A Couple More RNWs
Posted by Neal on July 3, 2012
A reader named Ari Blenkhorn (I’m guessing it’s this one) emailed me a few weeks ago. She has been reading this blog long enough to have picked up on my partiality to a kind of coordinate structure I’ve named right-node wrapping (RNW). She sent me this one that she’d found in the wild:
Like any firewall, IPFW needs to examine packets and then decide to drop, modify, or pass the packets unchanged through the system.
As Ari wrote in her email:
What the author means, of course, is that the three choices are to drop the packets, modify the packets, or pass the packets unchanged through the system. “Drop the packets unchanged through the system” might make sense in other contexts, but “modify the packets unchanged…” ? Nope.
His example nicely fills out a trio of new RNW examples, heard in the wild, that I now present here. One of them, I heard on an episode of the On the Media podcast back in October. It was about the Occupy Wall Street protesters, and talked about
Police tear gassing and hitting protesters with sticks
Hitting protesters with sticks? Sure. Tear-gassing them with sticks? No.
As it happens, the third RNW example also comes from On the Media, specifically the June 15 episode, which talks about oppressive, violent dictatorships hiring PR firms to polish their international reputation. The reporter is Ken Silverstein from Harper’s, and at about eight and a half minutes in, Ken says that one such firm
…said they would write and place op/eds in American newspapers.
This example is a little different from the others, because there are a couple of ways you might argue that it’s not necessarily an RNW. Before I talk about those arguments, I’ll just say that the reading I get is “writing op/eds and placing them in American newspapers”: the true RNW parsing, with the shared direct object, and some kind of phrase following that direct object that is intended to go only with the final coordinate (in this case place).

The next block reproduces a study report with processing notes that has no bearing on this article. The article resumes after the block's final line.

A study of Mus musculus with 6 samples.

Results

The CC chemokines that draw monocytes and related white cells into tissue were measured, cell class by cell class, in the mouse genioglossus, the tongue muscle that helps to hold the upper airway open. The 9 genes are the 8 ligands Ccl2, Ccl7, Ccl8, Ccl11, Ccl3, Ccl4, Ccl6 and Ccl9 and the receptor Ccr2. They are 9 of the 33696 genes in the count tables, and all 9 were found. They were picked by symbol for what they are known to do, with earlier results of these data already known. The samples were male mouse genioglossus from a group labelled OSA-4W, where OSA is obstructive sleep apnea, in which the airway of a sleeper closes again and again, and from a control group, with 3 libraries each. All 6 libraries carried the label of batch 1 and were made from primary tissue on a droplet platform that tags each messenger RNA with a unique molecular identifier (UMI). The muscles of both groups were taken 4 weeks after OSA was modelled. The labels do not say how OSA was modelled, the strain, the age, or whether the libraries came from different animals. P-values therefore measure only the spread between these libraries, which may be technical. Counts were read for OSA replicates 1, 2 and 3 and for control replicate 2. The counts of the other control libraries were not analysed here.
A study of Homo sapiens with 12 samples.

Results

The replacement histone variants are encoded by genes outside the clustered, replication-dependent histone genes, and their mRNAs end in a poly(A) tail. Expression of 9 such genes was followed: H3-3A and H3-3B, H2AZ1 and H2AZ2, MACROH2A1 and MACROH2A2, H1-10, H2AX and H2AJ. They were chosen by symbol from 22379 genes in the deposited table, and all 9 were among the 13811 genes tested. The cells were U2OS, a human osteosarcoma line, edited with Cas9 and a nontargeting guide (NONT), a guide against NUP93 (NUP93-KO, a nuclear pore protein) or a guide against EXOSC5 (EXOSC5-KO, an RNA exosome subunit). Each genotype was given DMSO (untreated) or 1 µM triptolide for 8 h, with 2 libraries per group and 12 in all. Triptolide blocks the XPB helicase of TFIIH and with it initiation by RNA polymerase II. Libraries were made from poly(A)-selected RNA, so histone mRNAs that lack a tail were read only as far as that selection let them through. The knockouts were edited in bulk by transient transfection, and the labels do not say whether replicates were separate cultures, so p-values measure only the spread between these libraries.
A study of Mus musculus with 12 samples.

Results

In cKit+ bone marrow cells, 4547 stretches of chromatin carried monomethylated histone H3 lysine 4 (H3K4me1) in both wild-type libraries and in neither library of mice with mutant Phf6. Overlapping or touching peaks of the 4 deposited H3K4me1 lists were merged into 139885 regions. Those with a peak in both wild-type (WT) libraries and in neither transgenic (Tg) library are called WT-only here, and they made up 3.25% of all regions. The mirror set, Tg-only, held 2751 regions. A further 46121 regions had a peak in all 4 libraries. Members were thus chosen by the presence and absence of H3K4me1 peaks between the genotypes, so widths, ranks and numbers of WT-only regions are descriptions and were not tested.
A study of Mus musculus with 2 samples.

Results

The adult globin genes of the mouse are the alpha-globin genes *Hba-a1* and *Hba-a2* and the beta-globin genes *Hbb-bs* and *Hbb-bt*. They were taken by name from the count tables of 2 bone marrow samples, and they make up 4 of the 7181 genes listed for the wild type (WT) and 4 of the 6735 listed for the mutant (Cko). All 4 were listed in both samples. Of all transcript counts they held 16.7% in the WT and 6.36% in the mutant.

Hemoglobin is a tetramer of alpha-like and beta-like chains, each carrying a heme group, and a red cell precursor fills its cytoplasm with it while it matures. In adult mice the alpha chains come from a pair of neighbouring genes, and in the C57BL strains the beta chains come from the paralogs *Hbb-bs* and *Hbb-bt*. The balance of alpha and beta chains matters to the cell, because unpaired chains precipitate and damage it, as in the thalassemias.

One way of disqualifying this example as an RNW is to say, “What’s the problem? Place op/eds in American newspapers makes sense, and so does write op/eds in American newspapers.” My response is that in place op/eds in American newspapers, the PP modifies the verb place, whereas in write op/eds in American newspapers, it modifies the noun op/eds. In the original phrasing, I can’t get the reading where the PP does both those jobs at once.
Another way of disqualifying this example is to say that in American newspapers actually does modify the verb both times; i.e. write op/eds in American newspapers means to do the writing while in a newspaper. This is ridiculous, of course. I might be able to accept someone saying they write “in” a newspaper and mentally correct it to “for” in my own dialect, but in that case, we’re talking about the newspaper as a company, not the actual printed page or screen. In that case, instead of having a single PP do two jobs in the original phrasing, we now have to have newspapers with two simultaneous meanings. Again, I can’t get that reading. Besides, the people who would be writing these op/eds are not newspaper employees; they work for the PR firm.
Yet another argument could be that write is used intransitively here, so that the coordinated VPs are (1) write and (2) place op/eds in American newspapers. It’s syntactically parallel now, but I think the intended meaning is almost certainly “write op/eds”.
So much for those three RNWs. Actually, I thought I had four, because I heard another one on an episode of Planet Money, in which they played a clip of Franklin Roosevelt explaining the creation of the FDIC. But I later remembered that they’d played that same clip on an episode in 2008, and I blogged about it then.